Editor’s note: In celebration of Black History Month in February, PRSA invited prominent public relations professionals to offer their views and ideas for achieving greater racial and ethnic diversity in the profession. This is the sixth post in the series. A compilation of previous PRSA Black History Month blog posts can be found here.
A major highlight of my Fleishman-Hillard career was the privilege of not only knowing our co-founder, Al Fleishman, but calling him a mentor and friend. He was a man of many gifts: A great instinct for communication. A sharp, strategic mind. A big, big heart. He, along with his friend and business partner, Bob Hillard, became a pioneering force in public relations.
But Al’s greatest passion extended well beyond our profession. He was a great champion of diversity in all its forms. He was recognized as a tireless fighter for human rights who devoted much of his life to supporting the less fortunate and to helping people communicate with and understand one another better. It was a commitment that played out in many ways — from Al’s relief effort with European refugees after World War II, to his lifelong involvement with the nation of Israel, to his work with at-risk young men and women on the streets of St. Louis.
So, when we needed a name for an ambitious new diversity initiative at our firm, we didn’t have far to look. We were proud to announce earlier this year the launch of the Alfred Fleishman Diversity Fellowship initiative. Under this program, we are reaching out to both ethnic and non-ethnic colleges and universities to generate a pool of qualified minority applicants at the undergraduate and graduate levels.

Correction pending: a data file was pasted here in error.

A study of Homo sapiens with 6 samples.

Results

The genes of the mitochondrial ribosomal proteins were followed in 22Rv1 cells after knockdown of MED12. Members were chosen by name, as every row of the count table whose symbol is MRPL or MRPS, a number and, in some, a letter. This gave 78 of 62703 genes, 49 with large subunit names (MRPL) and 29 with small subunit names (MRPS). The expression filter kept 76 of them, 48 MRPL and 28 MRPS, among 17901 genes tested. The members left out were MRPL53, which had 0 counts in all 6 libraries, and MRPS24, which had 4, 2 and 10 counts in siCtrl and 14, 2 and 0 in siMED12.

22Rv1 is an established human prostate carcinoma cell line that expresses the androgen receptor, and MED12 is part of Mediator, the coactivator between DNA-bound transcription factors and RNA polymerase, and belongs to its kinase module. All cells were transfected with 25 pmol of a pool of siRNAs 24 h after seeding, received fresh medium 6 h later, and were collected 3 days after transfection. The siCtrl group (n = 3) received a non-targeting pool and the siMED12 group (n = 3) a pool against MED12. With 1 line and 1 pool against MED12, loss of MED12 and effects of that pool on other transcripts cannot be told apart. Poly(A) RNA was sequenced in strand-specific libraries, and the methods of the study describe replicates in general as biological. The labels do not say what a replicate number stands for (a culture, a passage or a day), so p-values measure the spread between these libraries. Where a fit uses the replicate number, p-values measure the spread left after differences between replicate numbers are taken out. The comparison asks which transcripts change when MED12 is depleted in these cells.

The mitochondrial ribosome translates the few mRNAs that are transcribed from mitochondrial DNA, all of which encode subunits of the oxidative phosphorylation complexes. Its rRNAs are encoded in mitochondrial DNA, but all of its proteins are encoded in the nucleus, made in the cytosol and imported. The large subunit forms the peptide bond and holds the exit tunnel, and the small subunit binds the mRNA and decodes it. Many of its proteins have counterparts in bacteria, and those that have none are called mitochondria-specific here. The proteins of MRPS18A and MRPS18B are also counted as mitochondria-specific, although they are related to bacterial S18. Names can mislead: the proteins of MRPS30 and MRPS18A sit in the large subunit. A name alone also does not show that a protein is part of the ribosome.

Our offices across the United States are working with university faculty to identify talented communications students to compete for 6- to 12-month paid fellowships with benefits. Upon successfully completing the program, fellows who meet our hiring specifications will, depending on business conditions, receive an offer of a full-time position. Recruiting is already underway, and we hope to award the first fellowships this summer.
This program is more than a tribute to a great friend and PR icon. It’s a timely reminder in the midst of Black History Month that we all need to renew our commitment to expand the diversity of our profession.
I salute PRSA’s longstanding pledge to make this organization and our industry more inclusive and welcoming to public relations professionals of all cultures, races and backgrounds. That commitment is a tremendous gift to us as professionals and to our clients. Each of us strives to bring the very best services and solutions to our clients. Increased diversity can only strengthen our ability to do that, enabling us to offer solutions that are richer, smarter, more complete.
I share these thoughts, not to suggest that our firm has found the true path, but to further the conversation about how we all can work to make our profession better. The Al Fleishman Diversity Fellowships are part of a broader initiative. It’s an effort we call Diversity Matters, and it’s built on four objectives:
- Retain and recruit diverse talent with the knowledge, experience and passion to effectively meet our clients’ needs.
- Invest in sustaining a diverse and inclusive workforce that reflects our clients and the stakeholders they serve, as well as the global marketplace.
- Shape a culture that is more welcoming of ethnic diversity in all of its forms.
- Encourage others in our industry to address the overall “diversity deficit.”
Does your organization have a similar effort underway? What are your diversity objectives? How are you measuring your progress? Are you involving your clients in the process? Your communities?
I’d love to hear from you. And I hope this post serves as one more opportunity for us to share best practices on how we can ensure that, all across our profession, diversity does indeed matter.
Dave Senay, APR, is president and chief executive officer of Fleishman-Hillard International Communications.